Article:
Pompeo Says Democrats 'Bullying' State Dept. Officials



House leaders want information and documents the State Department may have about the July 25 telephone call between U.S. President Donald Trump and Ukrainian President Volodymyr Zelenskiy.

The phone call is at the center of the House impeachment inquiry into whether Trump sought Zelenskiy's help in digging up dirt on Democratic presidential candidate Joe Biden. Pompeo allegedly listened in on that call.

The House Foreign Affairs Committee has scheduled depositions with five current and former State Department officials and what they may know about Trump's interaction with Zelenskiy.

They include former U.S. Ambassador to Ukraine Marie Yovanovitch, former special envoy Kurt Volker, who resigned last week, and a State Department counselor.

Pompeo sent a letter to the committee Tuesday, saying he will not "tolerate such tactics."

"Aspects of the committee's request...can be understood only as an attempt to intimidate, bully, and treat improperly the distinguished professionals of the department of State," he wrote.

Pompeo said he will use "all means" at his disposal to stop what he calls bullying.

The powerful chairmen of the House Foreign Affairs, Intelligence, and Oversight committees are accusing Pompeo himself of intimidating witnesses in order to protect himself and Trump.

They reminded Pompeo in their own letter Tuesday that any effort to prevent the State Department officials from talking with Congress is illegal and seen as "evidence of obstruction of the impeachment inquiry."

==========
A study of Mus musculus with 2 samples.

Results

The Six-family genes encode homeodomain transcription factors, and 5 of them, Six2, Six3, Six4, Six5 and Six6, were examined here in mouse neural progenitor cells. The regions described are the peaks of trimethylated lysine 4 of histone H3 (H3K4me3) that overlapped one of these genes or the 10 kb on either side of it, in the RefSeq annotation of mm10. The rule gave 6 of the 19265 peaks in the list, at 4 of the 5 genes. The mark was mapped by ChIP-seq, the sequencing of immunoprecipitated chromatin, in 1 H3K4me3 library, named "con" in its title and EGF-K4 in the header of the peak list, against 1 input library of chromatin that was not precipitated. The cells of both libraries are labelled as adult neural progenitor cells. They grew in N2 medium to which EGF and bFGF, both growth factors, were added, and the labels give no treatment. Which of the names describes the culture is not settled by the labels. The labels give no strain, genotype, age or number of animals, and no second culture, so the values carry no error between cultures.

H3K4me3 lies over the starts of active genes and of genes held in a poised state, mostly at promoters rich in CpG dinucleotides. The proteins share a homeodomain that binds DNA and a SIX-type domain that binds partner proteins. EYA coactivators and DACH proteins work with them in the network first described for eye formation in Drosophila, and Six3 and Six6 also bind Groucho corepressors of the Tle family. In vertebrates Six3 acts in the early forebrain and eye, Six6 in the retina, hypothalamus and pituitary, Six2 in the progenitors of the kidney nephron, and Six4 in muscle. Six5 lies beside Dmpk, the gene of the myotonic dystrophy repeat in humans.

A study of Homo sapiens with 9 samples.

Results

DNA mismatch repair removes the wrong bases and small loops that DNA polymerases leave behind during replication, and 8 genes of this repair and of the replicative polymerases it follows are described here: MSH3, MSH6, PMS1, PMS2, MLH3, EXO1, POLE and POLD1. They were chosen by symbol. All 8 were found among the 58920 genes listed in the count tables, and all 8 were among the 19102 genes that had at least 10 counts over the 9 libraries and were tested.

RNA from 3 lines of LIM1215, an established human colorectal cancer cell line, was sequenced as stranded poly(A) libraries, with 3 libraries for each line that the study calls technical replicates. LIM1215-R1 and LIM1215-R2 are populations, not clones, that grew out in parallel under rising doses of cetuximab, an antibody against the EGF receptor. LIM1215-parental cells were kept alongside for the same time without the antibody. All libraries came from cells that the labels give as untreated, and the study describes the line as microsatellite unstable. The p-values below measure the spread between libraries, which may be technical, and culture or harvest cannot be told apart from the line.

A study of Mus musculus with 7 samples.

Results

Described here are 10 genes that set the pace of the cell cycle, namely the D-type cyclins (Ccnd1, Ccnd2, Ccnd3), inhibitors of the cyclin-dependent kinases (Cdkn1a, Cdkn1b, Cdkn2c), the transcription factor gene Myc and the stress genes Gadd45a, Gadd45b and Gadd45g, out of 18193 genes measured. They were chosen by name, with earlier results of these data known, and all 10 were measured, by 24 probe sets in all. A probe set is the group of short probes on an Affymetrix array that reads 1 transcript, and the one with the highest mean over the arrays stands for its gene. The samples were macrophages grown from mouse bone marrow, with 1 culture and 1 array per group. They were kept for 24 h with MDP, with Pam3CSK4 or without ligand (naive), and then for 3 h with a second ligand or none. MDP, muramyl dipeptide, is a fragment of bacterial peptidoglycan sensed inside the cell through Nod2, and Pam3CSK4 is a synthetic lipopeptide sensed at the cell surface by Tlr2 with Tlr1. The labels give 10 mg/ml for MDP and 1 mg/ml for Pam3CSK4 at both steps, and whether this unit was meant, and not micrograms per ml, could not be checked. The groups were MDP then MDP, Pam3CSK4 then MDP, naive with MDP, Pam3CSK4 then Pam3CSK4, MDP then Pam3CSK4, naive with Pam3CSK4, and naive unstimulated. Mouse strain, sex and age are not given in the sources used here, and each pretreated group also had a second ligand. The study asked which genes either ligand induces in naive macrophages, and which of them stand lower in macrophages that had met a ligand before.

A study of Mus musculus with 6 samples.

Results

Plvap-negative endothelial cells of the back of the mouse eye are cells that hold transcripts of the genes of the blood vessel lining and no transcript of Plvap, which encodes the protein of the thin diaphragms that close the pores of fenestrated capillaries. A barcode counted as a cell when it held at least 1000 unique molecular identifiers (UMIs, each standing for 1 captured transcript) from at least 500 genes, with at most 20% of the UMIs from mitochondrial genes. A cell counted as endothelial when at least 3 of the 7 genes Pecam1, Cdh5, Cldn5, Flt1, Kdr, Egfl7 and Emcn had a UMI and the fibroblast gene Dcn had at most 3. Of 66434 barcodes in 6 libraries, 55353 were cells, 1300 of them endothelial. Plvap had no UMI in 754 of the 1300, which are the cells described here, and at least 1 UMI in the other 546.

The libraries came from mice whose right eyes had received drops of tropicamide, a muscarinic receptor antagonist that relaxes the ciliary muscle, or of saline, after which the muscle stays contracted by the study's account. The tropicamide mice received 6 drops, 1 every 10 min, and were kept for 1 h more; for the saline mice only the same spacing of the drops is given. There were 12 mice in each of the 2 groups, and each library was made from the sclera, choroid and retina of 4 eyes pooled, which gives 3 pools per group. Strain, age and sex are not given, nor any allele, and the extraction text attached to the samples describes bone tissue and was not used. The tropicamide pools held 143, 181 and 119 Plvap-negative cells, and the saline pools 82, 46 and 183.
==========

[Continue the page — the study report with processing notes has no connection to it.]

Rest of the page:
If Pompeo or anyone else tries to withhold documents and testimony, Congress would regard that as corroboration of a whistleblower's account of Trump's telephone call with Zelenskiy.

In the July 25 phone call, Trump asked Zelenskiy to "look into" Joe Biden and Biden's son Hunter. Hunter Biden sat on the board of a Ukrainian gas company that had been the subject of a corruption investigation.

Trump alleges that when Biden was U.S. vice president, he threatened to withhold loan guarantees to Ukraine unless the government fired the prosecutor investigating the gas company.

Hunter Biden was never the subject of the corruption probe and there is no evidence of wrongdoing by the Bidens.

But Trump may have committed an impeachable offense by reaching out to a foreign government in order to improve his chances of re-election in 2020.

Trump's call came after he withheld up $400 million in aid Ukraine badly wanted to combat the insurgency by Russian-backed separatists.

Democrats also want to know whether the president offered a so-called "quid pro quo" to Zelenskiy, including the release of the funds to Ukraine in exchange for an investigation of Biden - which may also be grounds for impeachment.

Trump also pressured Zelenskiy to meet with Attorney General William Barr and Trump's personal lawyer, Rudy Giuliani. Giuliani has been pushing hard for an investigation of Biden.

In Kyiv Tuesday, Zelenskiy said he is the president of an independent nation and said no one can "pressure or influence" him. He denies ever meeting with or speaking Giuliani and said Ukraine wants to stay out U.S. politics.

Trump has accused the still anonymous whistleblower of providing false information and not having any direct knowledge of the call with Zelenskiy.

"So if the so-called "Whistleblower" has all second hand information, and almost everything he has said about my "perfect call with the Ukrainian President is wrong... why aren't we entitled to interview and learn everything about .... the Whistleblower, and also the person who gave false information to him," Trump tweeted.

The acting director of national intelligence has said the whistleblower's account of the phone call is accurate.

Republican Senator Chuck Grassley, who has been a Trump supporter, said Tuesday the whistleblower followed the law and must be protected.

Lawyers representing the whistleblower have expressed concerns for the individual's safety and stressed the need to keep his or her identity secret.